This year, the world was invited to The Global Family Reunion and celebrities posed with a New York Times writer with white paper signs that said, “I’m a Cousin.” Regardless of how anyone feels about this grand fiesta, an underlying current was there.
The Church of Jesus Christ of Latter-Day Saints has a fairly new motto of “Find, Take, Teach.” They want their church members to engage in finding their ancestors, taking those names to the temple and then teaching others how to do the same. The “I’m A Cousin” underlying current is also in this campaign.
At a local family history event, I finally heard the current articulated correctly.
“Find the Grandbabies”
A class attendee asked the question, “What do I do? I feel comfortable finding my ancestors. I feel like I know them. However, when it comes to searching for their descendants, I don’t feel comfortable working on their lines because I don’t really know them.”
Having been lost in the branches of my family tree for over a decade, I can not emphasize with this sentiment. The questions are understandable, but the feelings are foreign. The worldwide reunion sought to emphasize that we’re all related. The LDS Church is stressing the need to stop going back and start going down the family tree through “Descendancy Research.” The research supports the sentiments of the entertaining events… we really need to know everyone on the family tree.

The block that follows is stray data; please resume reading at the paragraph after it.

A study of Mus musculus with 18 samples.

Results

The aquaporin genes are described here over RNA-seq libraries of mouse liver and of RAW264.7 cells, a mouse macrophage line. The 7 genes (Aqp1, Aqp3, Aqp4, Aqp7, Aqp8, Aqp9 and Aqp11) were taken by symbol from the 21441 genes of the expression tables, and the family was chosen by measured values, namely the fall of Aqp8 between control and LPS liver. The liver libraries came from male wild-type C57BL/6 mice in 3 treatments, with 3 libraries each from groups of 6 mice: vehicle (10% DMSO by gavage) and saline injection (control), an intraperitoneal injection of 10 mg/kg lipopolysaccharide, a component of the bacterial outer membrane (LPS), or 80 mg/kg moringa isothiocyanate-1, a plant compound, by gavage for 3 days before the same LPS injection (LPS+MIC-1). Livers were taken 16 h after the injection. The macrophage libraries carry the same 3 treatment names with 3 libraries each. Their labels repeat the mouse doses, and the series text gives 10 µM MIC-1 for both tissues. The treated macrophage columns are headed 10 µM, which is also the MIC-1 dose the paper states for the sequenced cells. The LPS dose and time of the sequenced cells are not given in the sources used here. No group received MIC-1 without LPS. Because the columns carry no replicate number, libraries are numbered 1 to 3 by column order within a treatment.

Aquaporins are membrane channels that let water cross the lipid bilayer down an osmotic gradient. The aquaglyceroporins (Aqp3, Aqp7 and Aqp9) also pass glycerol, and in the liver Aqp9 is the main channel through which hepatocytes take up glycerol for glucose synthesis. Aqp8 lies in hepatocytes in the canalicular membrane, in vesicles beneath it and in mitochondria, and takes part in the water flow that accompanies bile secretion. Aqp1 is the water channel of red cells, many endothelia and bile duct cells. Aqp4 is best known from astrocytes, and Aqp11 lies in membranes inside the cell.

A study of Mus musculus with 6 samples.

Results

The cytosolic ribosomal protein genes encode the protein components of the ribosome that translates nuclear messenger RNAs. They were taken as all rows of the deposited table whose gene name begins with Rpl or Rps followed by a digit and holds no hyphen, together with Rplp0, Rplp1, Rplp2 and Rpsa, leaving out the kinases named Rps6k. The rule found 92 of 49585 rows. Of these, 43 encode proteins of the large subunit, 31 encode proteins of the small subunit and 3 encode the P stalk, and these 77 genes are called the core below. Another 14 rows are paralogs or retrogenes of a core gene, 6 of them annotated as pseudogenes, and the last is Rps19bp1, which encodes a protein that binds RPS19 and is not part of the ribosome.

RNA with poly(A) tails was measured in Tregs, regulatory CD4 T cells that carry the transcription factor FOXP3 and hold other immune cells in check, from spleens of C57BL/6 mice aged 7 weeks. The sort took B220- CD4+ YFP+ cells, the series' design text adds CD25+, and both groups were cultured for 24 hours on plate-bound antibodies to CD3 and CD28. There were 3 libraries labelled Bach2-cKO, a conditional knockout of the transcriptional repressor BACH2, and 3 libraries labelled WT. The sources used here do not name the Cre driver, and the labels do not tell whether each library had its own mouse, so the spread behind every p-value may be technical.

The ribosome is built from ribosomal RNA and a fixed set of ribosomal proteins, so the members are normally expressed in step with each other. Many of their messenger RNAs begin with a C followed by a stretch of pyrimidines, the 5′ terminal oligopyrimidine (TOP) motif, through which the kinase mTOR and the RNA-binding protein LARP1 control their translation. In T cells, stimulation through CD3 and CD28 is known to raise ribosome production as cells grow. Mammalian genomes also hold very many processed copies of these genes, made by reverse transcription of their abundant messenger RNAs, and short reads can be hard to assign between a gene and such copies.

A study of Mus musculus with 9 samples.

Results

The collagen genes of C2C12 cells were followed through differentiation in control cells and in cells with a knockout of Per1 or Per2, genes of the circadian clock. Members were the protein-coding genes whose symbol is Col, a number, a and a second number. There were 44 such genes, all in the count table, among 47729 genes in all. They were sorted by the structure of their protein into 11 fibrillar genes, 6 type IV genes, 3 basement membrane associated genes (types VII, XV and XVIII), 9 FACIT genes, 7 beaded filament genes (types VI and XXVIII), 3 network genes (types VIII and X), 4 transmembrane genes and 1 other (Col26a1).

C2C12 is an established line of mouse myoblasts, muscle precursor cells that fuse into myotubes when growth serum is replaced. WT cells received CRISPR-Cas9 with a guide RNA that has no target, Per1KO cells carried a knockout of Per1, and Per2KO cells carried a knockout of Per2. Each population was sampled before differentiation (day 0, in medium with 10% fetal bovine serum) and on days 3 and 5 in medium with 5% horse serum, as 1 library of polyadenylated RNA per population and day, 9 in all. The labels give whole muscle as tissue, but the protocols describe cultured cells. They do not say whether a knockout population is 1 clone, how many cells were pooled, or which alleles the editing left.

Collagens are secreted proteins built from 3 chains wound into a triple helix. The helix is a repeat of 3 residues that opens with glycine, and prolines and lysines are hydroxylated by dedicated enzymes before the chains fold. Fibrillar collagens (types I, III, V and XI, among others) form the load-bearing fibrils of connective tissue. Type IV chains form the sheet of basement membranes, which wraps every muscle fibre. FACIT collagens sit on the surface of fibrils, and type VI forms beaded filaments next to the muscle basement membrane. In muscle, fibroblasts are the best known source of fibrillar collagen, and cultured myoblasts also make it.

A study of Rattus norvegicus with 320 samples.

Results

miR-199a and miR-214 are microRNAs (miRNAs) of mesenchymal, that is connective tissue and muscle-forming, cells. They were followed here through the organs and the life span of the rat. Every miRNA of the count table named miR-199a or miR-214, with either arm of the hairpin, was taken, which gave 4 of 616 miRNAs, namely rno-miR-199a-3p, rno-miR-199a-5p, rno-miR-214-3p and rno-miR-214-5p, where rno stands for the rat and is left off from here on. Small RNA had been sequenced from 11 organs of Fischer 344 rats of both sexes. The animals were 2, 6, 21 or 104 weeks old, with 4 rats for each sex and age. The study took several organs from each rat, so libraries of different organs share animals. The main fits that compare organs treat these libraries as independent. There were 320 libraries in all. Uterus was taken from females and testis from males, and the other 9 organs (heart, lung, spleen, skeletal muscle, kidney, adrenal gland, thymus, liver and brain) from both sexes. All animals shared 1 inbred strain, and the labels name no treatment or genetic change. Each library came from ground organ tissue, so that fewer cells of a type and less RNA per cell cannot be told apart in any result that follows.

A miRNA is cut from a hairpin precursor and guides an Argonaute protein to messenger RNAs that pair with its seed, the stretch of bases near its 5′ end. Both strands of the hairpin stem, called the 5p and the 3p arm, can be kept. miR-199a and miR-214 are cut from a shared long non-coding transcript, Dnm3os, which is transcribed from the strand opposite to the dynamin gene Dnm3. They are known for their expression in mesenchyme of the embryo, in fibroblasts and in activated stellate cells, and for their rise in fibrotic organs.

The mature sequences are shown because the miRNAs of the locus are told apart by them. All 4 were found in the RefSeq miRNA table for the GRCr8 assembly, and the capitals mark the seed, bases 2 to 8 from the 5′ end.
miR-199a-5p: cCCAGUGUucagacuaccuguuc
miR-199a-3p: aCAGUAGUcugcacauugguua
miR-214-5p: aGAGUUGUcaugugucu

But my business classes at Texas A&M taught me one thing, keep things simple. And over time, simplicity meant relatable. How does it relate in the simplest terms?
Often your parents, grandparents, and great-parents matter to you. In reverse, your children, grandchildren, and great-grandchildren will also matter to you (if you don’t have them already). And not just one or two of the descendants, but all of them.
Haven’t you heard the gushing of grandparents over their grandchildren? They’re so proud of them, or at least want things to go well, for their grandbabies whether they are blessed with one or one hundred. I think grandparents love their grandchildren more than their own children.
So, if it’s true that ‘modern’ grandparents love their grandbabies, wouldn’t it be safe to assume that our ancestral grandparents would want ALL of their grandchildren to be discovered in our research efforts.
|Evaline Geiszler with four of her children before|
the one seated on the right would pass away a few months later.
I can imagine my own Great Grandmother Evaline Townley (nee Peak) Geiszler and her five children just before child #4 died. This photo is priceless to me as I had never seen it before. I could simply pay attention to my Great Grandmother and the little one, my Grandfather. Perhaps I could name the other children in the photo and stop there. But, Great-Grandma Evaline had 5 children, 3 living into adulthood. Those 3 children provide Evaline with 6 grandchildren. She also had 6 great-grandchildren. (I know, that’s pretty small, but hey… it makes it easy?) For Evaline, wouldn’t these 17 people be important to her?
When you have your direct ancestors ‘well covered,’ go after your ancestor’s grandbabies. Learn about them. Find them all.